In an earlier post on ‘Value-based Pricing; Fair or Foul? I compared the economist’s view of value-based pricing with the moral philosopher’s view of it and asked whether it was ‘fair or foul’ for customers.
Despite the analytical, economic and moral challenges of value-based pricing, it already IS in increasing use. At least, many companies are starting to experiment with it. In addition to Amazon, and airlines, trains, hotels and traditional users of yield management tools, other companies that have used it successfully include Schneider Electric, Intel and Volvo.
Customer Insight is the Biggest Obstacle to Value-based Pricing
Pricing is one of the most powerful and one of the most neglected disciplines in business. As Hinterhuber & Liozu suggest in their paper on ‘Is It Time to Rethink Your Pricing Strategy?’, most companies can significantly improve their profitability by using a structured approach to pricing based upon a deep understanding of what customers value and what they are willing to pay.
The biggest single obstacle to more advanced pricing is the lack of understanding of what customers really value. As Vargo et al describe in a paper ‘On Value and Value Co-creation: A Service Systems and Service Logic Perspective’, our understanding of value has evolved from a utilitarian model based on benefits minus costs, to a phenomenological one based upon customers’ experience of using a product over time.
Understanding What Customers Really Value
McDonald et al suggest in a paper on ‘Assessing Value-in-Use: A Conceptual Framework and Exploratory Study’ that the best way to assess the customer experience is through immersive ethnographic research. Ethnography is widely used by companies such as Proctor & Gamble to learn how customers use their products. As a CNN Money article on ‘The Consumer is Boss’ shows, P&G’s ‘Living It’ programme –where ethnographers literally live with customers – has been a valuable source of innovations that improve customers’ experience of using P&Gs products.
Strategyn founder Tony Ulwick has created a structured innovation process that assesses customers’ experiences by capturing details of customers’ ‘jobs-to-be-done’ and desired outcomes. As Ulwick & Bettencourt describe in their paper on ‘Giving Customers a Fair Hearing’, capturing details of customers’ jobs and desired outcomes at key touchpoints in the experience provides a good proxy for what customers value. Insights about customers’ jobs and particularly, about desired outcomes, are the foundation for value-based pricing.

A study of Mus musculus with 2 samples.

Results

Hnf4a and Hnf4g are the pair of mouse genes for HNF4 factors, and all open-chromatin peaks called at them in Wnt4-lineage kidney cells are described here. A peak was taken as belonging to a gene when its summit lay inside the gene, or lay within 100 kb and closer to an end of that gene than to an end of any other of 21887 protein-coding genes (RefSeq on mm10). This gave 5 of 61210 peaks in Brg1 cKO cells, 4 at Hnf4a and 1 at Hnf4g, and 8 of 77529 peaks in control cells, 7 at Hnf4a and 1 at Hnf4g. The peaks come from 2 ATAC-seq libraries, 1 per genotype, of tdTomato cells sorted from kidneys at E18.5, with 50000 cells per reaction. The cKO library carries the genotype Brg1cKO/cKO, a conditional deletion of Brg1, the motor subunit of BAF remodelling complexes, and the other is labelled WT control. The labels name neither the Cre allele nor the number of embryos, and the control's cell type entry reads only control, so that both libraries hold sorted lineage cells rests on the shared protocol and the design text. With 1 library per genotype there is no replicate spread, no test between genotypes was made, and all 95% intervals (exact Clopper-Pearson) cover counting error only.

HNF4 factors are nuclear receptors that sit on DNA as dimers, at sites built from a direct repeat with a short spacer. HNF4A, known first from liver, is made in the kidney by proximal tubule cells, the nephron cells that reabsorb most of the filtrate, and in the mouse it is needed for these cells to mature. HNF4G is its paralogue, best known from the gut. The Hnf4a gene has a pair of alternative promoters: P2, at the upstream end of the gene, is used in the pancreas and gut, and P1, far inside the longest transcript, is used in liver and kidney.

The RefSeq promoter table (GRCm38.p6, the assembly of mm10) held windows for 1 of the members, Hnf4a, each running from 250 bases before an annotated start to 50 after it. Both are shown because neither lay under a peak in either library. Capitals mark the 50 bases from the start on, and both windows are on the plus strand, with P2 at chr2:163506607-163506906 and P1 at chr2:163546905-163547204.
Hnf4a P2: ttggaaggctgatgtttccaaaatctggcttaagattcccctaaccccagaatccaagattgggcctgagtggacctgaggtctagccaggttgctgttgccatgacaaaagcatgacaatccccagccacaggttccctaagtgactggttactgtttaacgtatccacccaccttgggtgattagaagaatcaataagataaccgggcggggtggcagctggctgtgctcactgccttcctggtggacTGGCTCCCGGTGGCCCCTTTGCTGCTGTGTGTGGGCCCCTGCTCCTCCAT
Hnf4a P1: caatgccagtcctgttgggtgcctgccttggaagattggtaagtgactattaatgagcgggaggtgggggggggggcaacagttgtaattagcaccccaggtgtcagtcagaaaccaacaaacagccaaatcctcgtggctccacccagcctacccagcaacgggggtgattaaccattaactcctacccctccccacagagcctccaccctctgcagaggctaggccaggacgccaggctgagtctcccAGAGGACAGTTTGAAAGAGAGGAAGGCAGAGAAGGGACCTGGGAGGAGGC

Customer Outcomes drive Value-based Pricing
Ng et al show in an AIM briefing on ‘Outcome-based Contracting’ how a company can not only provide customers with products or services, it can also provide them with ‘servitised’ outcomes. Customers only pay for the outcomes they desire, leaving the company to organise how they are created. For example, a [email protected] article on ‘Power by the Hour: Can Paying for Performance Redefine How Products are Sold and Serviced?’ describes how Rolls Royce offers its aero-engines not as products for sale but as ‘Power-by-the-Hour’ outcomes; airline customers only pay when the engines are in use powering their planes full of fare-paying passengers through the sky.
Despite its many challenges, value-based pricing is in wider use than many think. Offering customers’ servitised outcomes is one way to implement value-based pricing. But it is not without its challenges. The biggest one faced by companies is their lack of understanding of customers and what they really value.
If you are thinking of implementing value-based pricing the $64,000 question is, “Do you really know what YOUR customers value?” If not, don’t you think it was time you did?
Graham Hill, CustomerThink.com
‘Value-based Pricing; Fair or Foul?
Hinterhuber & Liozu
‘Is It Time to Rethink Your Pricing Strategy?’
Vargo et al
‘On Value and Value Co-creation: A Service Systems and Service Logic Perspective ’
McDonald et al
‘Assessing Value-in-Use: A Conceptual Framework and Exploratory Study’
‘The Consumer is Boss’
Ulwick & Bettencourt
‘Giving Customers a Fair Hearing’
Ng et al’s
AIM Briefing ‘Outcome-based Contracting’
‘Power by the Hour: Can Paying for Performance Redefine How Products are Sold and Serviced?’